Vietnamese leader Le Duan appears to be quietly preparing his political succession. If Mr. Duan's health holds, the succession process will probably be an undramatic affair spread over several years. But a rapid series of policy moves in the last six months indicate that the pace of change is quickening. They include:

Public recognition this year that Duan, whose official title is Communist Party general secretary, is the paramount Vietnamese leader.


The recall to the Politburo of one of Duan's closest associates.

The declaration by Hanoi of a 1987 deadline for two key problems -- Kampuchea and United States servicemen missing in action (MIAs) in Vietnam.

The impression left by this flurry of changes is that Duan wants to clear up outstanding foreign policy problems -- Kampuchea and US nonrecognition of Hanoi -- and is trying to use his prestige to make sure the new economic policies are firmly underway before he steps down.

Until earlier this year, Le Duan was largely viewed as just the senior member of a collegial leadership. Others, such as head of state Truong Chinh, had prestige and influence at times rivaling Duan's.

But that situation seemed to change during the commemoration of the 10th anniversary of the capture of Saigon (now Ho Chi Minh City). Duan, not the group, was portrayed as the main architect of victory in the war against the US. A long series in the party newspaper Nhan Dan described his activities during the war, and a thick volume of his letters and directives to southern revolutionaries shed light on the background of a man who, up to then, had been a shadowy figure even to his own people.

The victory celebrations were followed by a sharp increase in the tempo of economic change. The policies introduced had mostly been under discussion, and had been facing tough opposition, since 1979.


But the policies have been bitterly opposed by senior party leaders, who view them as a deviation from the path of socialist construction. Opposition has always been vented behind closed doors, but one of the main opponents to economic change is believed to be Truong Chinh.

The tempo of economic change began to pick up immediately after last May's victory anniversary. The most radical development came late last month when the government announced the end of the old ``egalitarian'' wage system and the introduction of a new system based on the principal of ``pay according to work.'' Sharp salary differentials -- based on such factors as the difficulty of work or amount of skill or training needed -- were announced.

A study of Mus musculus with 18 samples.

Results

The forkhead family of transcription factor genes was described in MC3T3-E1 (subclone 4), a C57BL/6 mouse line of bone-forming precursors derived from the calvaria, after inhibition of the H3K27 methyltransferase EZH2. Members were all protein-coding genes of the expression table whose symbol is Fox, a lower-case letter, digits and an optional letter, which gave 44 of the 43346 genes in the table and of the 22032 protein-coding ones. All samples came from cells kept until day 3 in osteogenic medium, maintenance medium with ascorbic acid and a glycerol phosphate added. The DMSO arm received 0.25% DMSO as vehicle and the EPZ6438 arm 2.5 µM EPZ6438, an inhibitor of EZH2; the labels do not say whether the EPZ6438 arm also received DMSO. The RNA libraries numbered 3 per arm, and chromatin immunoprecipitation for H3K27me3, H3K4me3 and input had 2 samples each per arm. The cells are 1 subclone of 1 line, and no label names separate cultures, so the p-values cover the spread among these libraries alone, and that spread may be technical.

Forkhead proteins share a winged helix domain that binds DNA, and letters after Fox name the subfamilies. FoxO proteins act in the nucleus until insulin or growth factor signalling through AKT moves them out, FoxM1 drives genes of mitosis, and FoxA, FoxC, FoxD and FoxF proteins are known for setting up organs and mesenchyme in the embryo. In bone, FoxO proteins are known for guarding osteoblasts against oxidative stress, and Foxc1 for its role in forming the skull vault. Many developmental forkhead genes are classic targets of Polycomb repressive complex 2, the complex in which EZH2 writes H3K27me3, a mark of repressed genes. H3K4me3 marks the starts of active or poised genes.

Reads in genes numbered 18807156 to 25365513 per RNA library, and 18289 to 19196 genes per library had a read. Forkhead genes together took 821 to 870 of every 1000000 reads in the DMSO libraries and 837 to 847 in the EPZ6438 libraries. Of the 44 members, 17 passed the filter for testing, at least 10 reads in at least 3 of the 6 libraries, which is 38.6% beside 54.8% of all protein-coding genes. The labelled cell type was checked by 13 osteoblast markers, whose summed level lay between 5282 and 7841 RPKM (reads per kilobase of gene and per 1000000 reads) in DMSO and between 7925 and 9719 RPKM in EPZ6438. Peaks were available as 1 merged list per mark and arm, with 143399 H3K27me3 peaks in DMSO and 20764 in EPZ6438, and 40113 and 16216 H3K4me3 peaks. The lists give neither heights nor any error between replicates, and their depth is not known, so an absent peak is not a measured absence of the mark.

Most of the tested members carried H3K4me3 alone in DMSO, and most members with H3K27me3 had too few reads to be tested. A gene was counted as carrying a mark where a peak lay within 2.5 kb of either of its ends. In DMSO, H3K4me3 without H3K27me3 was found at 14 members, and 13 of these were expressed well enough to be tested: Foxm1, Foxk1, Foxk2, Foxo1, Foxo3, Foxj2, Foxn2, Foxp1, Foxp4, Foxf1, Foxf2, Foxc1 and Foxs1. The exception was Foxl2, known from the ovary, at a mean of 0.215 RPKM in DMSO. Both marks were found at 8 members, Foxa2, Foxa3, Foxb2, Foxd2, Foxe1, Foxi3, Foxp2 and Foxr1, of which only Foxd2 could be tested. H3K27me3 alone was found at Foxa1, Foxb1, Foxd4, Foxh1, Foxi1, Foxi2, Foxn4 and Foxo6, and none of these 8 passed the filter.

The changes seem to be the work of a small group. Several key members are former underground organizers in the south, who only came into the central government after 1975. They appear to be impatient with the central bureaucracy and more open to grass-roots feeling. The best known member of this group is a deputy premier and Politburo member, Vo Van Kiet, a southerner who worked closely with Duan in the 1950s. This group seems to have made common cause with some of the more iconoclastic northern offici als such as another deputy premier, Tran Phuong, a Chinese-trained economist.

But the reformers could not have moved without Duan's support. Starting last year Duan, who is probably temperamentally similar to the maverick southern organizers, threw his weight openly behind the change-oriented policies. Le Duc Tho -- another top leader who is best remembered in the West as Henry Kissinger's negotiating counterpart in the Paris peace talks -- also appears to be backing the policies.

Another factor which is probably helping the reforms is Soviet leader Mikhail Gorbachev's ascent to power. The economic policies Mr. Gorbachev is promotingare strikingly similar to the Vietnamese changes. Up to now the clearest parallel to the new Vietnamese policies was a rather embarrassing one -- Deng Xiaoping's China.

The policies received more support at the top earlier this year when another old associate of Le Duan, Nguyen Van Linh, was unexpectedly reappointed to the Politburo. Mr. Linh, who has worked closely with Vo Van Kiet both during the war and since, had been dropped from the Politburo in 1982 and seemed destined for obscurity. Rumors circulating among officials in Hanoi now depict him as a possible successor to Le Duan.

The next Communist Party Congress is due early in 1986. There is a possibility that Duan would step down from his party general secretary post by then -- perhaps to become party chairman, a role which lapsed with the death of Ho Chi Minh in 1969 -- but the fact that a 1987 deadline has been set for solutions to the Kampuchea and MIA questions suggests that Duan wants to stay around beyond the '86 congress.

When Duan does step down, either Le Duc Tho or Nguyen Van Linh would seem the most likely -- and for Duan the most desirable -- successors.